Sears Launches Points for Progress, Will It Matter?

Sears recently announced its Points for Progress, but will it lead to top-line growth in Sears' quest to better compete with Wal-Mart Stores and Macy's Inc.?

Jan 18, 2014 at 1:00PM

Sears Holdings (NASDAQ:SHLD) has suffered a 5.02% revenue decline over the past year. The company is taking many approaches to turn itself around. This is commendable. The problem is that they don't seem to be highly effective approaches. 

Sears recently announced its Points for Progress program on its FitStudio.com website. While FitStudio is a free online fit community, anyone who joins automatically becomes a Shop Your Way member.

Shop Your Way is the is Sears' best potential to grow its top line. The idea is for this loyalty program to attract more customers, and for existing customers to shop more at Sears thanks to savings on future purchases. 

We'll take a look at FitStudio and the Points for Progress initiative to see if they have the potential to lead to increased Shop Your Way members, improved brand exposure, and ultimately, top-line growth. 

FitStudio fit for profitable growth?
FitStudio's is a novel concept. This is how it works. You go to the website, register, get active by exercising and/or using social media sites such as Facebook and Twitter, and earn points that can be used for future purchases at Sears, Kmart, or Lands' End. As part of the #Fitin14 challenge, if you walk or run 14 miles, then you will earn 5,000 points, or $5 in points. But that's not all the website offers. 

If you visit FitStudio, then you will also find articles on various topics, including diet and nutrition, exercises, workouts, and motivation. You can also find a trainer in your local area. I explored this feature to determine its quality. It was impressive. You type in your city and state and a list of trainers will appear. You will see how far away that trainer is located, what they specialize in, their credentials, and what previous clients have said about their experiences with that trainer.

Another aspect of FitStudio is that you can buy fitness gear. That's a nice feature, and Sears will likely generate some sales. However, this isn't going to make much of an impact on Sears' top line. FitStudio is more about increasing Sears' exposure to consumers through new means.

If you're into fitness, then FitStudio might be a success for you, helping you reach your fitness goals. With Points for Progress, you can earn Shop Your Way points by tracking your fitness progress through FitBit, MyFitnessPal, MapMyRun, and Netpulse-enabled fitness equipment at more than 500 gyms across the U.S. and Canada. But if you're an investor, what does it mean? Since this initiative is all about increasing exposure, let's take a look at the site's exposure.

According to Alexa.com (global leader in website analytics), FitStudio.com has a global traffic ranking of 244,001 and a domestic traffic ranking of 44,678. Not impressive, but direction is more important.

Over the past three months, the site's bounce rate has dropped 23% to 43.80%. The direction is a positive considering the bounce rate determines how many visitors view one page and leave. On the other hand, 43.80% is still too high for a bounce rate. This means that not enough new visitors aren't sold by the home page. Also over the past three months, pageviews-per-user has slipped 2.40% to 4.10, yet time-on-site has jumped 98% to 6:55. The latter is very impressive. It seems as though those who are interested remain interested.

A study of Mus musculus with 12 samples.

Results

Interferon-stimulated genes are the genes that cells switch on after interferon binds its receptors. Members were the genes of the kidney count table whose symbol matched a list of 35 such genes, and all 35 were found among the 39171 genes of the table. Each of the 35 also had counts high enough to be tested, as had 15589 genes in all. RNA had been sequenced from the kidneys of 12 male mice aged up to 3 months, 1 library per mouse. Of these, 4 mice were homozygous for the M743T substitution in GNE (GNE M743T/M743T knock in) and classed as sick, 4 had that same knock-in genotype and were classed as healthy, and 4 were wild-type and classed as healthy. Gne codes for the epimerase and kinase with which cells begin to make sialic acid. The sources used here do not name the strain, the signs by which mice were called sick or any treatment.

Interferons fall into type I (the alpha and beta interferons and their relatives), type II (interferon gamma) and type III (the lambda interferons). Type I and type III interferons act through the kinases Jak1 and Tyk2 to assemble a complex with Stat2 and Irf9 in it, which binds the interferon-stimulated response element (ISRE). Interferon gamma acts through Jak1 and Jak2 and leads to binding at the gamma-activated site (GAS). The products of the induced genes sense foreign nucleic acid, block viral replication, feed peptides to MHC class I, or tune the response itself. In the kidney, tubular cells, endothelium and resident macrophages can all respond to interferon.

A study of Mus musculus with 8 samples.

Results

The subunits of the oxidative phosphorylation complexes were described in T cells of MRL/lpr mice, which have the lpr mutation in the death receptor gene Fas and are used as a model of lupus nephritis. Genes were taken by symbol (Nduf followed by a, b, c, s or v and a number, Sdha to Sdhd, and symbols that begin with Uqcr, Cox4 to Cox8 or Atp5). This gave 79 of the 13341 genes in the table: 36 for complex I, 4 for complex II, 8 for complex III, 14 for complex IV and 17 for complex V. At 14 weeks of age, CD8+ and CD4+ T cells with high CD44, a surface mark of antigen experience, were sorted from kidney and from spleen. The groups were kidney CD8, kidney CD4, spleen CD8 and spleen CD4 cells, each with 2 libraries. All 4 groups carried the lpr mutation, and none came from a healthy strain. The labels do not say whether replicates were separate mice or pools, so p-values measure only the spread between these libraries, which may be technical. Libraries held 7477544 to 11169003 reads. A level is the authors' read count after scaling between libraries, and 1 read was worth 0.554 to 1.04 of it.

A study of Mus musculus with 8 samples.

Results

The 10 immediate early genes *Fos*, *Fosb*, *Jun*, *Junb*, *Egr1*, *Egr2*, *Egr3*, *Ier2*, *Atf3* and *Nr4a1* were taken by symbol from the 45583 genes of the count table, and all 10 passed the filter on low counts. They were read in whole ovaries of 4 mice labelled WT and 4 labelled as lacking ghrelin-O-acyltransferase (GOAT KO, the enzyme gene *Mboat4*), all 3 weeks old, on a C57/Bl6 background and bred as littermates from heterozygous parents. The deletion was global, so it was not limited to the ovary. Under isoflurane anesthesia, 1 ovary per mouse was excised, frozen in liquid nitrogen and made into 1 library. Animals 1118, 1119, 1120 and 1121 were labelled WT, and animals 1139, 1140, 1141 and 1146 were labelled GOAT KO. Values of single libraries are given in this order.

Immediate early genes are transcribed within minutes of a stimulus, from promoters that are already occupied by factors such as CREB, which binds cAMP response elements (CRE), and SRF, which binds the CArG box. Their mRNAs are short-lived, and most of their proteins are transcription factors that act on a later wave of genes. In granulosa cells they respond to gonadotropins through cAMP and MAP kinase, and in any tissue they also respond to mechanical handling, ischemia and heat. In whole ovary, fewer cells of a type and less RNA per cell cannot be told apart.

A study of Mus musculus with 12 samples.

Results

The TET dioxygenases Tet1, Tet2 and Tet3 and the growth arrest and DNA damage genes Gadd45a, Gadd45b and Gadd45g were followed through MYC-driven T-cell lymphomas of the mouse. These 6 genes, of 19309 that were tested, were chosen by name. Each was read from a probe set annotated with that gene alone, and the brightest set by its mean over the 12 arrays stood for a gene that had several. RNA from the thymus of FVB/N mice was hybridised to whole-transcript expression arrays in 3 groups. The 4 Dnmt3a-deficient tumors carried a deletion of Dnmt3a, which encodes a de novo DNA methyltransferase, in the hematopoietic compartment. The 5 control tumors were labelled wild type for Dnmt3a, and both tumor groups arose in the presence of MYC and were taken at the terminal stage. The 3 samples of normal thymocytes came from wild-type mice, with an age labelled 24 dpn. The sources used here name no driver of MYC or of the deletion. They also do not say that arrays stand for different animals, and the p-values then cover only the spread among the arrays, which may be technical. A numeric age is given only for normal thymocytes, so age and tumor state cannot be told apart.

Overall, FitStudio seems as though it has potential to be a success, but on what scale?

More impactful innovations
Macy's (NYSE:M), a department store capable of stealing market share from Sears, has become the omnichannel leader for all retailers. Macy's has managed to successfully merge in-store, online, and mobile channels, making for more seamless shopping experiences for its customers.

Macy's has been investing heavily in technology as of late, and it has paid off in a big way. While Sears has suffered a revenue decline over the past year, Macy's has grown its top line 1.42% over the same time frame. This might not sound substantial, and it's not, but given the current consumer environment and the weakness in department stores overall, it's impressive. Also keep in mind that any Sears or J.C. Penney failures are likely to lead to market-share gains for Macy's.

The main problem for Sears is that it sells a broad range of products, but it doesn't sell a broad range of high-demand brands, and many of its other product categories can be found at a discount retailer like Wal-Mart (NYSE:WMT).

If Sears has to compete with the likes of Wal-Mart, then it's fighting a steep uphill battle. Wal-Mart's $23 billion in annual operating cash flow allows it to reinvest in its business, including eight technology labs over the past three years. Therefore, Wal-Mart has much more potential for impactful technological advancements than Sears going forward. Sears generated operating cash flow of negative $694 million over the past 12 months.

The bottom line
It's good to see Sears continuously innovating to increase its brand exposure and attract more customers. However, while FitStudio, and its Points for Progress initiative, offers some upside potential, it isn't likely to be a big catalyst for increased Shop Your Way members, and ultimately, the top line. Keep in mind that joining FitStudio is free.  

Sears is facing competition from all angles, its brand is dealing with negative sentiment, and its inability to generate positive cash flow will limit its upside potential. If you're looking to invest in a retailer with strong potential in technological innovation, which then has the potential to increase sales, then you might want to consider Macy's or Wal-Mart. Please conduct your own research prior to investing.